If I do decide to colour correct a photo and use the curves technique, is it best to correct it at the beginning or end of the PP?
I'd say its personal choice....or how you remember the photo....if you are working on a landscape you may wish to keep the colours very natural ..the same with a wildlife shot. On the other hand if you are working on a portrait you could be quite artistic in your approach.
Perhaps it would be better to suggest that Curves can be used to alter the colour. Only a few types of photographers need colours to be very accurate (e.g. fashion photographers, product photographers). Most of us would not be happy with an obvious colour cast but getting every colour accurate is probably unnecessary. How far you go to achieve accuracy is up to you.
Are you referring to page 200??
My monitor is calibrated I'm just asking this because colour correction is not something i normally do (unless its very obvious) but whilst i was reading this chapter it occured to me that perhaps I should always be doing it. I suppose I'm just curious as to what other people do.
Cathy- I don't have the book with me right now but if its the section where they are working on a dull picture of a guy on a bike in a street then yeah thats the one!
UUmmm...no she's a model with a white shirt that isn't white....
To be honest...what ever you decide to do in your post processing can be tackled at any point..I fiddle about for ages tweaking this and that.
If you are using CS5, the skin tone correction facility is one way of "correcting" portraits. Otherwise, the eye dropper on a neutral grey is a good starting point.
I am not sure about the "can be tackled at any point" point. I tend to think that colour balance should be corrected first, before adjusting the hue, saturation of luminance of individual colours.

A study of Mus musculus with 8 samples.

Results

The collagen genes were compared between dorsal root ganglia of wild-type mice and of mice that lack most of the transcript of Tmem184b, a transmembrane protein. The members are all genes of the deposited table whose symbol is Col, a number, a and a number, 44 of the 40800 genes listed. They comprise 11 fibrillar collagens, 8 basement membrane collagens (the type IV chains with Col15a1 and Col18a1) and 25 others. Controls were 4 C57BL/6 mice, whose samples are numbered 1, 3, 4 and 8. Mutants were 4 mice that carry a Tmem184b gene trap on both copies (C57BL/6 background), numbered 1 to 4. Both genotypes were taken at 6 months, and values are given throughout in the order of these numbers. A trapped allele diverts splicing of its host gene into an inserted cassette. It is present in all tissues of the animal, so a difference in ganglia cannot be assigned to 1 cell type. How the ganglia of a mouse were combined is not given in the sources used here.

Quote: Are you referring to page 200??
Which book?, Scott's got quite a few out.
Edit it's page 147 of Scotts the "Adobe photoshop book CS5 for digital photographers" (I think)
You've got to start with screen calibration, it's a simple as that.
If you're adjusting the image on screen from a print you've just produced how do you know which is correct if the screens not been calibrated.
Perhaps an obvious question is do you think your images need to be colour corrected?
If you are happy with the output (be it on screen or printed), then I see little need to get too worried about whether it is a completely accurate representation of the colours. Of course, if you are bothered about accurate colour display then you need to take more careful consideration. Whilst this starts with correct monitor calibration, this is only the start as a correctly calibrated monitor doesn't in itself correct your colours for you - it only ensures that you can see precisely what the colours are so you can apply the right correction.
Whilst I strive to ensure (in the main)that my image colours are believable, I'm not always bothered that they are 100% accurate to how they actually were. Many of my images are seeking to recreate the feeling or emotion that I had at the time - if a scene was joyous then I have a tendency to make the colours more vibrant, whereas if it was more melancholy I may use a more subdued palette. In both of these situations I wouldn't bother too much about 100% colour correction. However, if I am shooting something where I want an accurate colour representation then I will use one (or more) of the various colour correction techniques. The one in Scott Kelby's book using curves is a fairly good general technique, but there are others.
So to answer your question - only you can decide when 100% colour accuracy is required.